Constructing Sustainable Hydropower While Protecting Habitats And Livelihoods In Indonesia

The rainforests around the Cisokan and Cirumamis Rivers in West Java, Indonesia are home to several species of endangered animals, including the Javan leopard and Java leaf monkey. Already heavily deforested and threatened by agriculture use and hunting, the landscape will be further affected by the construction of a much-needed hydropower pumped storage project. But with the help of a new approach, the project could conserve and expand habitats well above the without-project baseline as well as improve local livelihoods.
 
The World Bank is funding a pumped storage hydropower project on the Cisokan and Cirumamis Rivers in West Java, Indonesia. In a pumped storage system, pump turbines store energy by transferring water from a low reservoir to a high reservoir during off-peak hours. During periods of high electricity demand, the stored water is released through the turbines to the lower reservoir to generate hydroelectric power. The 1040-MW Upper Cisokan pumped storage project, estimated to cost a total of $900 million, would develop two dams and reservoirs, transmission lines, a power station, and an access road. The project objective is to increase power capacity and reduce the number of outages in the Java-Bali power generation system.
 
Recognizing the social and environmental impact that such a project can have, the Asia Sustainable and Alternative Energy Program (ASTAE) contributed $330,000 to support an Integrated Catchment Management (ICM) approach for the Upper Cisokan project.
 
The ICM approach provides a framework to address social and environmental impacts from the project, mitigate threats to biodiversity, and make improvements for local livelihoods. The objectives of the approach are twofold: biodiversity conservation and community development. One third of the population in the area lives in poverty, which drives them to turn to logging, slash-and-burn agriculture, and poaching—sometimes illegally—for their income. Through the ICM approach, the project would reforest the area and create habitat corridors that connect wildlife populations around human habitation as well as provide opportunities for alternative livelihoods for the local people through engaging in sustainable forestry management.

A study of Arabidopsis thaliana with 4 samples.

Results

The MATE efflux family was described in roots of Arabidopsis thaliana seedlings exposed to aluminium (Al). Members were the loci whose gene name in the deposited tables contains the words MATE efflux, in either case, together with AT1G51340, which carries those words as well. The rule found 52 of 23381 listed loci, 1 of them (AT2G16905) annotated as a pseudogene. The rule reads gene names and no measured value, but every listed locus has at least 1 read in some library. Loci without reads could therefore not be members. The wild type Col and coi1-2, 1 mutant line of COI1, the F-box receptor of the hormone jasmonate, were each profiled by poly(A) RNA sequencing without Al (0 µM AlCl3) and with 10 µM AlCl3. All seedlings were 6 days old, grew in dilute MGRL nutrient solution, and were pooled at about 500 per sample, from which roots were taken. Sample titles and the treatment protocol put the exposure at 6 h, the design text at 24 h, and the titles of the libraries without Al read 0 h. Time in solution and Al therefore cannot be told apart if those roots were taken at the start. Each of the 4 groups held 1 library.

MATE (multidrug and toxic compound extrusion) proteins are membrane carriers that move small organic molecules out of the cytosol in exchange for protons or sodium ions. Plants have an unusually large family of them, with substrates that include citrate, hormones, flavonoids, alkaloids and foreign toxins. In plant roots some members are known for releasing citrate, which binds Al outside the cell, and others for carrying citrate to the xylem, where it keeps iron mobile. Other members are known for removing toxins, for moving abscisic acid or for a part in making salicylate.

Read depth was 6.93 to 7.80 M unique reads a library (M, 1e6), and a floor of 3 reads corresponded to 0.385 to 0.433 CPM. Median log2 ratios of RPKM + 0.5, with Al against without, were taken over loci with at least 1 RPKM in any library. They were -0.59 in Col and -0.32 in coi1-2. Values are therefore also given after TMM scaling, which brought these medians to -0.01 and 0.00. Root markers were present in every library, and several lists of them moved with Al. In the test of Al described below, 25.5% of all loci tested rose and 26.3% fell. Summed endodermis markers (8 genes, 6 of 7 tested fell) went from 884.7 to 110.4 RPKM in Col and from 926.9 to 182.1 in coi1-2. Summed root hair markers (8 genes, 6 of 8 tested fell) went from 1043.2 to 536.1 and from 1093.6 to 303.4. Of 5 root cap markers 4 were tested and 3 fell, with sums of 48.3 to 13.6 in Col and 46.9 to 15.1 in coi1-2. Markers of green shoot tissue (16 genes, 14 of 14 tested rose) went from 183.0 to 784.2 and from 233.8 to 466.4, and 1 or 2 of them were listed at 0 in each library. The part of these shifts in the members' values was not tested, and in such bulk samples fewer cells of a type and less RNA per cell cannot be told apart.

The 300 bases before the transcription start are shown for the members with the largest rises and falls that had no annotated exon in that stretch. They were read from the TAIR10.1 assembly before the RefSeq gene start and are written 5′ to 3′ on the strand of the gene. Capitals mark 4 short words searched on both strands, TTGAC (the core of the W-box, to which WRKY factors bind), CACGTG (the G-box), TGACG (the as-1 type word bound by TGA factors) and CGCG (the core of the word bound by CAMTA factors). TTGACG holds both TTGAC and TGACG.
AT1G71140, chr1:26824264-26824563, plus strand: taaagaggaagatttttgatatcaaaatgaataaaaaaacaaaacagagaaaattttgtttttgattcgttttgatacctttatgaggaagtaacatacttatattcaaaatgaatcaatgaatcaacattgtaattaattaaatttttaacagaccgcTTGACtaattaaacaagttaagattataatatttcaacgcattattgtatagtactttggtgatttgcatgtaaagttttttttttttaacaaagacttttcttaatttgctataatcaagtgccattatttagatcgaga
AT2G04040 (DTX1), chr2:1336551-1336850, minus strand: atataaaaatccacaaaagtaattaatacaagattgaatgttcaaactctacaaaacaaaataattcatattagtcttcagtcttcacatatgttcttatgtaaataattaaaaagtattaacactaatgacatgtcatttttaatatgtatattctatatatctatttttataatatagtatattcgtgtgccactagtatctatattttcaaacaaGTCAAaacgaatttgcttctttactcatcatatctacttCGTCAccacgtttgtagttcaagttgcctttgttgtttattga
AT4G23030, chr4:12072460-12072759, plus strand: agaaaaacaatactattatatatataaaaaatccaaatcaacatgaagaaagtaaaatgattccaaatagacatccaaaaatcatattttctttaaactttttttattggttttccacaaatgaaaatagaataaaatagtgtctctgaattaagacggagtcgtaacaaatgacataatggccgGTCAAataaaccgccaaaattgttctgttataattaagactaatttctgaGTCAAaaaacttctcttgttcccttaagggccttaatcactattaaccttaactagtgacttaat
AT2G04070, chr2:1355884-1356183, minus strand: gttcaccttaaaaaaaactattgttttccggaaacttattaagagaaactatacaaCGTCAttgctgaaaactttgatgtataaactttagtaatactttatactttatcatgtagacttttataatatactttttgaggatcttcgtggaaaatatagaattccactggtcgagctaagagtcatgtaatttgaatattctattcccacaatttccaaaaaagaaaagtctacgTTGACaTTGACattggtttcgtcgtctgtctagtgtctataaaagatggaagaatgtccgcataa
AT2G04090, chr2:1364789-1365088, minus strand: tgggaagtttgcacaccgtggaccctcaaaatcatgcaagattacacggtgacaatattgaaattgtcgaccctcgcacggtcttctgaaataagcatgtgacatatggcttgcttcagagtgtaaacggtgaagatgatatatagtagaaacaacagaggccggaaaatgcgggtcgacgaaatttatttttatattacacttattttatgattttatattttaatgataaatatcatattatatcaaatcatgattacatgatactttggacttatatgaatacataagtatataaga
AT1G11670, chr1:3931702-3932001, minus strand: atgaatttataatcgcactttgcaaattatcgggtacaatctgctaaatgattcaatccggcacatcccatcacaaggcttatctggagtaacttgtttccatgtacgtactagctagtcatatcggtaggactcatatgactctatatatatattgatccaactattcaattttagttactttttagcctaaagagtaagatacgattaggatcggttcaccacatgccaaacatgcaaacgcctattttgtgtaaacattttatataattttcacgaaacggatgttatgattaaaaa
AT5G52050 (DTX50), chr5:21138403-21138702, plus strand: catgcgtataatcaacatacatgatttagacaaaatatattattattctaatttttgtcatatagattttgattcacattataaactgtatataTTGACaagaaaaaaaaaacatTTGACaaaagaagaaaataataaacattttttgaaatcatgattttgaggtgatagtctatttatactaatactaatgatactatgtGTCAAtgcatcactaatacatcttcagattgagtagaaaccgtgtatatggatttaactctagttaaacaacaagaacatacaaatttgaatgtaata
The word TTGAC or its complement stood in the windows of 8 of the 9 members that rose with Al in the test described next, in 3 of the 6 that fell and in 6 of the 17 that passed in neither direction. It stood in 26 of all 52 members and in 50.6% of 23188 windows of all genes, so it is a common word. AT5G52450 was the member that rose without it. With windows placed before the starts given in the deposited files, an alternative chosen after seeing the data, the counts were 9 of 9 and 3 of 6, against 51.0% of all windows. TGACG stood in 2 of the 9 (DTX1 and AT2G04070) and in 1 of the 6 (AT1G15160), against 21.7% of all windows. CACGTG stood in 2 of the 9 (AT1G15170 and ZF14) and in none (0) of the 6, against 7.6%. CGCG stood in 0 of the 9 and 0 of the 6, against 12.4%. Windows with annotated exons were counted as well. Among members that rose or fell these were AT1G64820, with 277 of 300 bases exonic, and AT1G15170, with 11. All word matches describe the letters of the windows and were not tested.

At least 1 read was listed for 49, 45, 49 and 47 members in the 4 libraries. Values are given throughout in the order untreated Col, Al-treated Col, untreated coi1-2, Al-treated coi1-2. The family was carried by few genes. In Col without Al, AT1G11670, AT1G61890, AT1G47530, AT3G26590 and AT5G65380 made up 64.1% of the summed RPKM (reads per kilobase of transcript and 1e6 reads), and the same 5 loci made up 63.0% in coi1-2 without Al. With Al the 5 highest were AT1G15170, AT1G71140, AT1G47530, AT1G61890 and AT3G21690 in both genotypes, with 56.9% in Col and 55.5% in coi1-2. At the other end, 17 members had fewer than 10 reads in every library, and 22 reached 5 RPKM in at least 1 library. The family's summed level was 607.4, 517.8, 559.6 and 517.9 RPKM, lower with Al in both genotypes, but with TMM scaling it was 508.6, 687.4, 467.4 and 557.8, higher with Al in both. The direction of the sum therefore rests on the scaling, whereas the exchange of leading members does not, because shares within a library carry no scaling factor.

ASTAE’s funding is also designed with a focus on providing women, who can be disproportionately vulnerable to impacts from the project, with equal access to training and services.
 
“With the ICM approach, the project will not only help create a reliable energy supply in West Java with a smaller environmental footprint and more sustainable community development, but it will also provide us with knowledge we can then apply in similar projects in Indonesia, including a second pumped storage which is currently being planned by PLN,” says Peter Johansen, Senior Energy Specialist at the World Bank.
 
As a first result of the intervention, in March 2015, PLN and Perum Perhutani (Perhutani), the state-owned forestry company, signed a Memorandum of Understanding in March 2015, followed by an implementation plan in September 2015. The parties will conduct concerted ground checks, which include taking stock of field conditions and marking boundaries of biodiversity important areas, followed by preparation of a re-planting scheme and activities to promote forest conservation through the active involvement of the local population. Forest partnership agreements with the communities are being made to change the way that forest land is used for income generation, to transition from the practices of logging and slash-and-burn to the development of non-timber forest products such as fruits and medicinal plants.
 
From September 14–18, 2015, the World Bank conducted a knowledge exchange program in the Philippines to show Indonesian officials examples of successful ICM approaches to minimize the impact of geothermal development in forest areas—an issue very similar to the one faced by pumped storage projects. A delegation of representatives from PLN, Perhutani, and the local and national government met with Energy Development Corporation staff and representatives from communities and local government in the Philippines. The experiences from this field trip will be used to further develop the ICM concept for use in small hydropower and geothermal energy development projects across Indonesia.